Day 53 – Australia (30 July, 2000)
Crew, Uniforms and Radios
The crew, who numbered over 100 on most days, all wore a uniform. Some wore it better than others. But it helped us to identify each other in a large crowd and from a distance on the side of a road.
The other part of the ‘uniform’ that was invaluable was the two- way radio system. It was vital that we all knew what was happening. The convoy itself stretched over 1km from lead vehicle to tail police car. Plus there were others moving hours ahead to set up special locations. For me it was the best source of information. I knew exactly where the flame was and so knew how much time I had to get a particular shot. While public waited on the side of the road for hours, or other cameramen waiting nervously, not wanting to miss the moment, I could be as cool as a cucumber knowing where and when the real action would take place. It was my guardian angel. I could even communicate with the team to tell them if I had any special needs for a particular shot. If I wanted everyone to stay 20m back from a torchbearer so I could get a clean shot, I would just radio through the request.
In many ways I felt spoilt. Having a front row seat to every single moment of the relay and having the power to ask for special things could appear like I was being treated like a king. But I had to keep reminding myself that it was not me that they were treating like a VIP – but my camera. I just happened to be attached to the camera. It probably gets forgotten and some may feel envious of me – but the reality is that its all about getting a great shot so that even now – 16 years later, the whole world can see the event from the best angle.
But I did try my best to act with humility and be thankful for the unique position I was afforded. A lot of my photo credit should go to the team who made sure I was in the right place at the right time to shoot the best shots, every day of the relay. Often I would get driven ahead, or helped onto a chase boat to get special access to shoot from, only to have the person that sweated to get me there left behind. Often they never got to see the Flame at all.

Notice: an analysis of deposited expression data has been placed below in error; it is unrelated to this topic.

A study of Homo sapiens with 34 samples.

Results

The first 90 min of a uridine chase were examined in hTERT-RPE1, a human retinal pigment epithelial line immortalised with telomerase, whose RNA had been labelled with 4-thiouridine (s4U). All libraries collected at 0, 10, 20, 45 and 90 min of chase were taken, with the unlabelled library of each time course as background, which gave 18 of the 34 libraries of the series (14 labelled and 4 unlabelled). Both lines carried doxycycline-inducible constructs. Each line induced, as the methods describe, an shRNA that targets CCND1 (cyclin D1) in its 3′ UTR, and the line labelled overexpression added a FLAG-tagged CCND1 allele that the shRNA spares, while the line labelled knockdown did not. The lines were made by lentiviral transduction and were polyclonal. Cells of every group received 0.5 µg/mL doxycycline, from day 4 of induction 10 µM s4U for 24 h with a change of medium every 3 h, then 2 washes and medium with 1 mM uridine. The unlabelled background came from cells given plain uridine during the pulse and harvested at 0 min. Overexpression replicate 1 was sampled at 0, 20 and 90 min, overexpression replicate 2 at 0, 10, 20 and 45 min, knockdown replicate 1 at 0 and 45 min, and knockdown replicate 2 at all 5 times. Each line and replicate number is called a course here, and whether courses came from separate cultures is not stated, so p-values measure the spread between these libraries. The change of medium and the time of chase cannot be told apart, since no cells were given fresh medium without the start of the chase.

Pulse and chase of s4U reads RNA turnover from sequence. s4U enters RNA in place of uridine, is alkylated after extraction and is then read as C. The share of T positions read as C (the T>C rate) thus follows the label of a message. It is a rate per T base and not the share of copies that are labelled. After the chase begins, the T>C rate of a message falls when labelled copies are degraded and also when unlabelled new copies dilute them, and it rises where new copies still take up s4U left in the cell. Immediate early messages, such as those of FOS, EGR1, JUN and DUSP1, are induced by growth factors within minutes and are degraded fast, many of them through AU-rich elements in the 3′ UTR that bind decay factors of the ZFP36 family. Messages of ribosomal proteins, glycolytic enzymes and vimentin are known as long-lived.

The whole event was a massive team effort – but I felt especially supported and privileged to be put in the front row at the sacrifice of others being left behind. And for that, I hope my photos make them proud of what they worked so hard for.
There where countless funny stories of working on the relay. On the subject of two-way radios, one story that I alway remember was this:
One crew member was having a particularly hard day. She was working off two, constantly ringing, mobile phones plus her two-way radio headset. Fed up, she called a friend back home and was venting all her frustrations; life, work, the relay. Really getting it off her chest. She was pacing up and down, arms folded, talking into her mobile phone. This is all perfectly acceptable. Life on the road can have its ups and downs. And it helps to get things off your chest. But what she didn’t realise, that by crossing her arms, she was pressing on her two-way talk button! Her conversation was going live across the whole team radio. It took one of the crew to call her other phone, which thankfully she answered, to alert her. She was mortified.
And I remember that lesson every time I plug into a two way radio at work…
Our convoy of officially branded vehicles stretched on for kilometres. Generally I was transported around the relay by others (after mostly giving up on using the Harley Davidson as discussed earlier). I was either onboard the luxurious Media Motorhome (or its poorer remote cousins) or being driven ahead in a sedan, or hanging on to the side of a boat, or a train, or an aeroplane.
I also did quite a bit of running – keeping ahead of torchbearers, running beside them in the ‘run-turn-shoot-run’ ballet I had almost perfected. I certainly got fit along the way. But nowhere near as fit as the police security runners who ran with the torchbearers every step of every day. Somedays they clocked up over 50km of running. They were usually working in a pile of sweat for most of the day (you’ll see them in almost every standard shot I took). The other group that ran more than most were the young ‘escort runners’ – school kids specially selected to escort between 5 and 10 torchbearers. So where a torchbearer would run 800m, The escorts would do 8km. It worked most times because a. they were young and fit kids and b. there was usually a combination of slow torchbearers (older people who could only walk) and more energetic joggers. So it was not an 8km sprint.
Except for one unlucky girl. This poor escort runner lucked out when she seemed to get sprinting torchbearer after sprinting torchbearer. The final straw was when the she got to her 6th torchbearer who was about 16 years old, built like a rake and clearly ready to ‘go for it’. He shot off with the Flame. Already worn out, she took about 20 paces before pulling a face that said it all, and abandoned the relay to unceremoniously throw up on the side of the road and retire from the event. It was funny to watch, but also heartbreakingly bad luck for her.